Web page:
Should individuals with HIV be screened for high-risk HPV infection and anal high-grade squamous intraepithelial lesions?
Cancer is now the most important cause of mortality among HIV-infected individuals in the United States, and anal cancer is the most common potentially preventable cancer in this population. Like cervical cancer, anal cancer is caused by HPV and is preceded by a precursor lesion, high-grade squamous intraepithelial lesion (HSIL).
Screening for and treating cervical HSIL dramatically reduces cervical cancer incidence. We and others use techniques for anal screening adapted from the cervix, including anal cytology, high-resolution anoscopy (HRA)-guided biopsy of lesions, and treatment of biopsy-proven anal HSIL. These procedures are not standard of care because a study has not yet been done to show that they effectively prevent progression to anal cancer.
We are performing an NCI/OAR-supported randomized clinical trial, the Anal Cancer/HSIL Outcomes Research (ANCHOR) study. The study is designed to prospectively compare anal cancer incidence among those treated for anal HSIL with those who are actively monitored. The results are still several years away, so should we screen for/treat HSIL until we have the data?
The answer is no if follow-up care of an abnormal cytology is not available. The answer is yes for those who have access to HRA and office-based ablative treatment, unless and until ANCHOR says that we should not. The incidence of anal cancer is too high to ignore. Cervical cancer screening works. Anal HSIL treatment is safe and can be performed in the office. If we knew someone had HSIL at any other anatomic site, we would want to treat it. Why should anal HSIL be different? All HIV-infected individuals, regardless of HRA and treatment availability, should have an annual digital anorectal exam because palpation of a hard mass may indicate anal cancer.
What about anal HPV testing in screening? Because most HIV-infected individuals have oncogenic HPV infection, testing for the usual mixture of oncogenic HPV types adds little value for determining who needs HRA. However, testing specifically for the most aggressive HPV types — HPV16/18 — may add positive predictive value to cytology, and a negative HPV test may have high negative predictive value. More research definitely is needed on this topic.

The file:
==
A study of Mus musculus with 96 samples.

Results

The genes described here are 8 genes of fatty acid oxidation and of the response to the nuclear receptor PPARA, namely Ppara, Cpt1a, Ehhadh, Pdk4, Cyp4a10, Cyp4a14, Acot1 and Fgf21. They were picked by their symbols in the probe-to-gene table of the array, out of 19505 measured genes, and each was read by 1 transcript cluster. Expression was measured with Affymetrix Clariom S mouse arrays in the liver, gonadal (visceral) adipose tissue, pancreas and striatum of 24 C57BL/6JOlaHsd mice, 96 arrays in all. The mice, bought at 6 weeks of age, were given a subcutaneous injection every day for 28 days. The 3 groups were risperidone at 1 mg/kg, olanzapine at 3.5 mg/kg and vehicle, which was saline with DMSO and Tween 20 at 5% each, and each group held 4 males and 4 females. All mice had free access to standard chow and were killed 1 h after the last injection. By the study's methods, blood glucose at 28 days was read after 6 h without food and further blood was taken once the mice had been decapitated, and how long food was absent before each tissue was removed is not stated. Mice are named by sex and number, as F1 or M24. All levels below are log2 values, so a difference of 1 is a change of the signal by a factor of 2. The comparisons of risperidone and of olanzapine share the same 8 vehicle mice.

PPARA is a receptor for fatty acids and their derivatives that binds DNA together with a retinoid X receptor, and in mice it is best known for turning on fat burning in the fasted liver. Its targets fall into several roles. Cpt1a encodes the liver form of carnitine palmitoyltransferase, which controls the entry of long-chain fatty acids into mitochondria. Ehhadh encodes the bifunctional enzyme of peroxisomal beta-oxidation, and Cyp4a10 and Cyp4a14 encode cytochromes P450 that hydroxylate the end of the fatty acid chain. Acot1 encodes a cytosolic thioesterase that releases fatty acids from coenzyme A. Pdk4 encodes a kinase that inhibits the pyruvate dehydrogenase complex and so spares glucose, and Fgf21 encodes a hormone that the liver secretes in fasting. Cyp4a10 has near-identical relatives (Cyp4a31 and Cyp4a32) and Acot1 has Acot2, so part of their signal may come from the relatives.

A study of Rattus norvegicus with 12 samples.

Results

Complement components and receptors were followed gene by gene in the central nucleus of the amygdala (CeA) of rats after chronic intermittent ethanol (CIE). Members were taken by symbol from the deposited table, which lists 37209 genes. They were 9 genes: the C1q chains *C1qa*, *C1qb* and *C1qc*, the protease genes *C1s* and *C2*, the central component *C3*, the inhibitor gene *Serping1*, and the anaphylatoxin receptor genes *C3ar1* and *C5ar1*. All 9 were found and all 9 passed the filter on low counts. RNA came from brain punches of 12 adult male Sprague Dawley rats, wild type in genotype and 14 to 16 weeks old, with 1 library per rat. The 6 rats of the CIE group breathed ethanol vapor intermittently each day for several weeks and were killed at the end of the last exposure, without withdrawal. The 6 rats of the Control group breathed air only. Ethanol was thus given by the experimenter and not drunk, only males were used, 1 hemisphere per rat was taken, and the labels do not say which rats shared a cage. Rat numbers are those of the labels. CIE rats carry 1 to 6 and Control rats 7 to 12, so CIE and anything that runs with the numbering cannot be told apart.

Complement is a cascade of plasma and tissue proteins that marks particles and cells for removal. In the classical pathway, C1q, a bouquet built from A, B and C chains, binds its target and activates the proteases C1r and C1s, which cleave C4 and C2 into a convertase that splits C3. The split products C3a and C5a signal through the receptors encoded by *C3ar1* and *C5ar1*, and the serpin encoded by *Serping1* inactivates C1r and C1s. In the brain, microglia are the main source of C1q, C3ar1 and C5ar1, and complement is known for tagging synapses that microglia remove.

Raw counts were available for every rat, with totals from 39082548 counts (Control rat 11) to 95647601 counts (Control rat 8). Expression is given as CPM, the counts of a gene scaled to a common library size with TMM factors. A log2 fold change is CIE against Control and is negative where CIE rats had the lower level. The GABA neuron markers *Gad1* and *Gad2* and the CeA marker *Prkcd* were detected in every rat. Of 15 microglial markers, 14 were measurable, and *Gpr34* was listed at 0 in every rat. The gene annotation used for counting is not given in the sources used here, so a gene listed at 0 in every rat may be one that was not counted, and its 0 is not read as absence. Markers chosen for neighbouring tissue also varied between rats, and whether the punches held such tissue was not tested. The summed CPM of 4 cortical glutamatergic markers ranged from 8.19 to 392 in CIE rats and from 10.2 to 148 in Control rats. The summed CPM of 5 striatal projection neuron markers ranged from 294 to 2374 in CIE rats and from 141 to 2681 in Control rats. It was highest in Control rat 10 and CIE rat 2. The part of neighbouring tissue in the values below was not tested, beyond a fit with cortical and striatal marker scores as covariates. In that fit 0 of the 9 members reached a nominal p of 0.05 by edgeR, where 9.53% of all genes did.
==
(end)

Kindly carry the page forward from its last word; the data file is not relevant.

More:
Joel Palefsky, MD, FRCP(C), is professor of medicine and laboratory medicine at University of California, San Francisco. He can be reached at firstname.lastname@example.org. Disclosure: Palefsky reports advisory board roles with Antiva Biosciences, Merck, Novan and Vir Biotechnology; honorarium from Janssen; research grant support from Antiva Biosciences, Merck and Vir Biotechnology; and stock options with Vir Biotechnology.
Anal cancer is a major health issue for people living with HIV. Among gay and bisexual men with HIV, anal cancer occurs at annual rates of up to 100 per 100,000, and it has become the most common non-AIDS-defining malignancy. Anal cancer also is much more common among women and heterosexual men living with HIV than the general population.
Based on the cervical cancer paradigm of cytology-based screening with referral for colposcopy, a proposed anal cancer screening algorithm would refer any cytological abnormality for the diagnostic test, HRA. Although this leads to test sensitivity similar to that of cytology screening for cervical cancer, it also leads to the referral of more than 50% of people with HIV for HRA.
At HRA, the prevalence of detected HSIL is 30% to 40%. HRA is a time-consuming, invasive procedure. It is technically much more demanding than cervical colposcopy, and accurate diagnosis requires a well-trained practitioner. Although cervical screening is moving toward primary HPV screening, HPV screening has been little studied as a screening test for anal cancer. Anal HPV prevalence is extremely high among people with HIV. Anal HPV natural history studies are required so pathogenesis-guided approaches to HPV screening can be developed.
A major limitation of introducing a screening program now is that treatment of screen-detected HSIL, usually by locally destructive therapies, has not been shown to be effective. Recurrence rates after treatment are very high, at around 50%. Based on limited natural history data, this may be no different than what would happen without treatment. A large NIH-funded trial, the ANCHOR study, is investigating whether destructive HSIL therapy leads to lower anal cancer rates than follow-up with close observation.
For all of these reasons, no national organization recommends anal cancer screening using cytology or HPV testing. Until the ANCHOR study reports its findings, screening programs for anal cancer precursors using HPV or cytology should not be introduced. Some HIV guidelines recommend digital anorectal examination to detect palpable early anal cancer so it can be diagnosed and treated early, with lower morbidity and mortality than would occur with more advanced diagnosis.
Andrew Grulich, PhD, MBBS, MSc, is head of the HIV epidemiology and prevention program at Kirby Institute at University of New South Wales in Sydney, Australia. He can be reached at email@example.com. Disclosure: Grulich reports no relevant financial disclosures.